Strangers on a train, a bus, a plane or at the next table in a restaurant, have always served as a source of characters and story inspirations. I’m not sure when I started making up stories about my tangential encounters with strangers, but I’ve been doing it since I was a child.
The woman dining with a little girl — indulging her granddaughter’s every whim — becomes the kind of chatty character who provides important, and yet seemingly irrelevant, observations in a mystery. Two puffed up businessmen in pricey suits, become rivals for an important promotion, with deadly consequences. A sullen teenager, shrinks with embarrassment at her parent’s confusion about the menu prices. Are they really very clever spies, drawing attention to themselves as naïve travelers in order to deflect scrutiny?
It’s all fodder for fiction.
One of the great things about traveling to places where I don’t speak the language is that I’m unlikely to uncover the truth about the people I observe. I spun a long and twisted tale about the young, Japanese man in the seat across from me during my train ride from Amsterdam to Berlin. He was just short of completely terrified, taking tiny sips of water and, occasionally, swallowing a pill.
We shared the first class carriage with four adult members of a German family. They were so obviously a family and were enjoying the smoked salmon sandwiches they’d carried with them along with beverages from the dining car. The father in the group, a jovial man with a big smile, helped me figure out the outlet for recharging my Kindle without a word of English. The Japanese kid kept leaving his seat and returning very quickly with a quizzical expression. It wasn’t until I walked through several cars to the dining car to buy a coffee, that he finally ventured far enough away to come back with some apple juice.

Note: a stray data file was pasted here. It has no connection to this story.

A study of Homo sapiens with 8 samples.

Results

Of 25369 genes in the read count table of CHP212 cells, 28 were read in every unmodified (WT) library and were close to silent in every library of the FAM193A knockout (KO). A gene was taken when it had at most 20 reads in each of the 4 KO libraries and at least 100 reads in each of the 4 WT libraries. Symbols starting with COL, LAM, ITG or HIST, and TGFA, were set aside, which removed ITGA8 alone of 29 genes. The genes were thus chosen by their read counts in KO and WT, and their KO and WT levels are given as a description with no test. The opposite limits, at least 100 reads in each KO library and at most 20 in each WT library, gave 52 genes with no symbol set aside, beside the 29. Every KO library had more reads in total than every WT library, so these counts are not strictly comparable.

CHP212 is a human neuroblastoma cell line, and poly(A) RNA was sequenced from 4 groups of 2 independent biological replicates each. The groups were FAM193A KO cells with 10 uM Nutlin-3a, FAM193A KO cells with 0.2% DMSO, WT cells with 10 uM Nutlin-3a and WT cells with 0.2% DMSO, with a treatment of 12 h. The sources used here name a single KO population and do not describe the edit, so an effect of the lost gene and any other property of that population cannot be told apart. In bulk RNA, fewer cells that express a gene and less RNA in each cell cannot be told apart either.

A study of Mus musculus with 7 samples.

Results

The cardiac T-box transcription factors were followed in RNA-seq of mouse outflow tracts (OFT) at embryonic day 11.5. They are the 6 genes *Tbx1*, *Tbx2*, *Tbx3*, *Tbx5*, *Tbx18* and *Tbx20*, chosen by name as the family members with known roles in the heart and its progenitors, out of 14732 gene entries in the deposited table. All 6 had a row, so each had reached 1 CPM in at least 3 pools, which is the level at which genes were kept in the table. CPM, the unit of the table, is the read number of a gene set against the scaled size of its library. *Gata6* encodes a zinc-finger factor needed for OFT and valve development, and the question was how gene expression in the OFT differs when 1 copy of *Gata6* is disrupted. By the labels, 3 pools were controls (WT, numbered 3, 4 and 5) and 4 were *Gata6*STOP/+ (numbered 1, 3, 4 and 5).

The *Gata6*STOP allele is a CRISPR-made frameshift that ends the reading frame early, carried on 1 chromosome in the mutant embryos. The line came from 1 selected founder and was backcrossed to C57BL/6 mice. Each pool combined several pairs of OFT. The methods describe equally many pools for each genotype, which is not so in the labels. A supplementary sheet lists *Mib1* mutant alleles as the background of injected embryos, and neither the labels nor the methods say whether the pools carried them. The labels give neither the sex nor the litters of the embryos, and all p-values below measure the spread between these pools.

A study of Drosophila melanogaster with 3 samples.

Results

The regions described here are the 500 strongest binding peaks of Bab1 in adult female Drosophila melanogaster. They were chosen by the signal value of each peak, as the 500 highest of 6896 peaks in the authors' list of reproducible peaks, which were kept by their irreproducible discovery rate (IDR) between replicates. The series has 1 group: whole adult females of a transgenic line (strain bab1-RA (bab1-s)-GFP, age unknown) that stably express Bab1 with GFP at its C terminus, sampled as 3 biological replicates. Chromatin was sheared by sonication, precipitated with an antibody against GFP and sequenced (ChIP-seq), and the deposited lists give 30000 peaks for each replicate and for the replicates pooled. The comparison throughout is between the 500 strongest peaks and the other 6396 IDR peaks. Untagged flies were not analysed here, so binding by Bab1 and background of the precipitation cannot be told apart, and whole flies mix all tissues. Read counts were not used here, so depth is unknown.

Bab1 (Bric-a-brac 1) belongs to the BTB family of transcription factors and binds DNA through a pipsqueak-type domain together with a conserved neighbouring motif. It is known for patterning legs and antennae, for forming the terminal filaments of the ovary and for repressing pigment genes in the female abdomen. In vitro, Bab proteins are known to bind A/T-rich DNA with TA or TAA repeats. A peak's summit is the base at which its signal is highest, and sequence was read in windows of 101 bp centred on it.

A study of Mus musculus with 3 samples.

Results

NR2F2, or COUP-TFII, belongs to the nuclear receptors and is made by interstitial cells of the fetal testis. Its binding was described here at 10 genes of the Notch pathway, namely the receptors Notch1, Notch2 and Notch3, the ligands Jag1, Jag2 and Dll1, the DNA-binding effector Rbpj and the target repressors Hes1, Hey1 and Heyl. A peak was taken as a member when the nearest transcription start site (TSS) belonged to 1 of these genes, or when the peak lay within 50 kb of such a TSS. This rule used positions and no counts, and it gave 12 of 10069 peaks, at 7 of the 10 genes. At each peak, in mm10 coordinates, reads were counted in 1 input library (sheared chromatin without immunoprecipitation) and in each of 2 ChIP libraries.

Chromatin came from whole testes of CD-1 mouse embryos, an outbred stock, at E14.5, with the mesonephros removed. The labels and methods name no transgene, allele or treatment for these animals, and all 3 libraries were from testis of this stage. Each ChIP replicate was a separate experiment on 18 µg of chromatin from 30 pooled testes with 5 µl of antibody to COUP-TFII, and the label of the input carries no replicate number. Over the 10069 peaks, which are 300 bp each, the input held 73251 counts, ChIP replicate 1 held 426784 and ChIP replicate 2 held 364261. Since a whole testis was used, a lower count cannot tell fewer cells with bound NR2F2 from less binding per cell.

He’d been afraid to ask where the Germans had bought their coffees and Cokes. It’s funny, but even when I was in Japan, I could make myself understood about basic needs. For me, it was about getting over my inhibitions and simply trying. You won’t have deep conversations, but you can get yourself a coffee! Anyway, the hum of another language becomes the soundtrack supporting my observations. Not knowing what’s actually being said is freeing. It’s like going to an opera sung in Italian and making up your own libretto. I’ve done that and it’s fun!
Strangers on a train, a bus, a plane — and even on stage — all inspire fiction that travels far from its source.